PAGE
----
Original Air Date: January 19th, 1971
Considering how haphazard many critics felt the original play of Dr. Cook’s Garden was, it still finds its way onto many a small stage and was immortalized in the 1971 TV movie adaptation, which plays up the good doctor’s questionable ethics inside of the suspense blueprint. The play was written by Ira Levin who is better known for his incredible novels which have been made into several films, such as Rosemary’s Baby. Garden is often compared as a combination of Levin’s Stepford Wives and his play Deathtrap, but when it was destined to become a Broadway flop, most people saw it as a convoluted and superficial thriller, and it closed before the end of its opening week. The director, George C. Scott was reportedly having artistic differences with… someone, and many others pin its failure on the casting of Burl Ives as Dr. Cook. Since I haven’t read the play, I can’t say how much was changed for the television adaptation (written by Art Wallace), but the themes of narcissistic morality and creating utopia through murder translate rather well on the small screen. Ives is replaced by Bing Crosby in what would be his last film, and I do say he’s perfectly cast. Having recently read his son’s excellent “tell-all” biography, Going My Own Way, I have that darker side of Bing planted firmly in my brain, so the jump from family entertainer to cold-blooded killer seemed like a fairly smooth transition!
Dr. Cook lives in small town heaven, where there’s no crime, or even disease. In fact, no one suffers any disabilities at all! You’d be hard pressed to find as much as a limping local. A young doctor named Jimmy Tennyson (Frank Converse plays him in the movie, Kier Dullea portrayed him on Broadway), who grew up in this small paradise, returns to help Dr. Cook with the business. The good doctor doesn’t really want him around, and we soon find out why. Seems Cook’s Hippocratic Oath only applies if he likes you. And even then you are still in danger, if you find yourself really sick. He keeps his small town clean and pure much like the way he weeds his garden, deciding who gets to stay who gets poisoned!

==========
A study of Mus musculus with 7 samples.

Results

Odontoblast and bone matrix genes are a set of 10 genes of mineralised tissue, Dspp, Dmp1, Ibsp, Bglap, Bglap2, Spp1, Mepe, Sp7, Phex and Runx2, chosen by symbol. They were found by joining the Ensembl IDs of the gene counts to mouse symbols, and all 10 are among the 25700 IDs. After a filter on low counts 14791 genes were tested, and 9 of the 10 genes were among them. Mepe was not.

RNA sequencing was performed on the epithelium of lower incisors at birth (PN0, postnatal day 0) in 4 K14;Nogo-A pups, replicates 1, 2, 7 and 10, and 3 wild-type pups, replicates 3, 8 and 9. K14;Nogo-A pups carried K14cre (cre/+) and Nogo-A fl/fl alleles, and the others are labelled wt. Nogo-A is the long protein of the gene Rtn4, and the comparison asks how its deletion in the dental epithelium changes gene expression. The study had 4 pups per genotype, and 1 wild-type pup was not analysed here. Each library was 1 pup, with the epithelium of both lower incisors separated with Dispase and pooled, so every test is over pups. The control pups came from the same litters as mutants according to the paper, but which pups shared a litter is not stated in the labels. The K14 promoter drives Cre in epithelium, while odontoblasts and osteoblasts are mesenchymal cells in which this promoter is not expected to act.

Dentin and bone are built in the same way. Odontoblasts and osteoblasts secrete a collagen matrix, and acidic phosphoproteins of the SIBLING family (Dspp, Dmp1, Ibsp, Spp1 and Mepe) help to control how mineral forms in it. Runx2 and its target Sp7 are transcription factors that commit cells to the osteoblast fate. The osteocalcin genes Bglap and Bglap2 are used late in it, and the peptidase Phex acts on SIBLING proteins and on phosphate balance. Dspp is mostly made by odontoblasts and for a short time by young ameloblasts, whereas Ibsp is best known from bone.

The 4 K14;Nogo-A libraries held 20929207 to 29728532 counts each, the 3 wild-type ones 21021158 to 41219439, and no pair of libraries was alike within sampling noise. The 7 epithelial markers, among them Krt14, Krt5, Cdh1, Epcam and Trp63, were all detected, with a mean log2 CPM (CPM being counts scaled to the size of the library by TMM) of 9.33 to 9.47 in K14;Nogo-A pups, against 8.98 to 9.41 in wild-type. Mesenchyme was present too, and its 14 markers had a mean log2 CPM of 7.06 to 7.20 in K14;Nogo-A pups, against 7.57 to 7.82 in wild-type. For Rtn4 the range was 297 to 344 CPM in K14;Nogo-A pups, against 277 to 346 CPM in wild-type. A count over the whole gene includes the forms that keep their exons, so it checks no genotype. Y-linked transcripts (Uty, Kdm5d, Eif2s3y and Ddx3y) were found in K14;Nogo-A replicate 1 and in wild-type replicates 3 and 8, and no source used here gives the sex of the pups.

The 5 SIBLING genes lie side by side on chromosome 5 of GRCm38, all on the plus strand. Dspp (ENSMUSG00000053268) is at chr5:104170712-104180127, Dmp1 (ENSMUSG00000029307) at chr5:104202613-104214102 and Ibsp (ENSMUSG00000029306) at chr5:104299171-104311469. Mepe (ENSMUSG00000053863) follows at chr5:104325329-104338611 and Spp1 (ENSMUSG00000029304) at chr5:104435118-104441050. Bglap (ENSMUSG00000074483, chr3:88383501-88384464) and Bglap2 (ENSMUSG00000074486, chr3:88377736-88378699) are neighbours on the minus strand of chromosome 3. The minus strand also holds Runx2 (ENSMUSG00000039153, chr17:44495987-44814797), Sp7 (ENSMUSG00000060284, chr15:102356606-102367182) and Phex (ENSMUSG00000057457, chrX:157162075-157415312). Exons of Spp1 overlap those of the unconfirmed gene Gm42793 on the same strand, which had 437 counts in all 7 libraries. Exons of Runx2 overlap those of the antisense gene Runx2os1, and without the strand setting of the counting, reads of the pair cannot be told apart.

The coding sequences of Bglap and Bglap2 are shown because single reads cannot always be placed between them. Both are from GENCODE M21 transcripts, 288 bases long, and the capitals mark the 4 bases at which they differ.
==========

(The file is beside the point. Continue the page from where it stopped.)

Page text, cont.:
There are plenty of interesting themes here, and although this ABC Movie of the Week is played more as a straight thriller rather than thought provoking drama, it’s impossible not to think about the whole “Playing God” motif and the moral obligations attached to people in a position of power. Bing Crosby does a great job and it was such a nice choice for him, exploring those dark recesses in a way that allows the audience to look at the film’s deeper themes without feeling overwhelmed by ethics. I guess when your movie only lasts 74 minutes; it’s good to keep it brisk!
Frank Converse was always a treat to watch on television. He has such a presence... and that voice… Mmmmmm… He was one of my favorite faces to see when I was growing up. Blythe Danner is really young and quite good as the sweet natured nurse. But in the end, this is Crosby’s movie all the way. It was a wild choice of a swan song, but it looks like he was testing the dark waters, Bing Crosby Productions produced Willard and a few other horror movies in the early 70s.
Also, if you just have to know everything about Dr. Cook's Garden, check out this exhaustive guide to the play.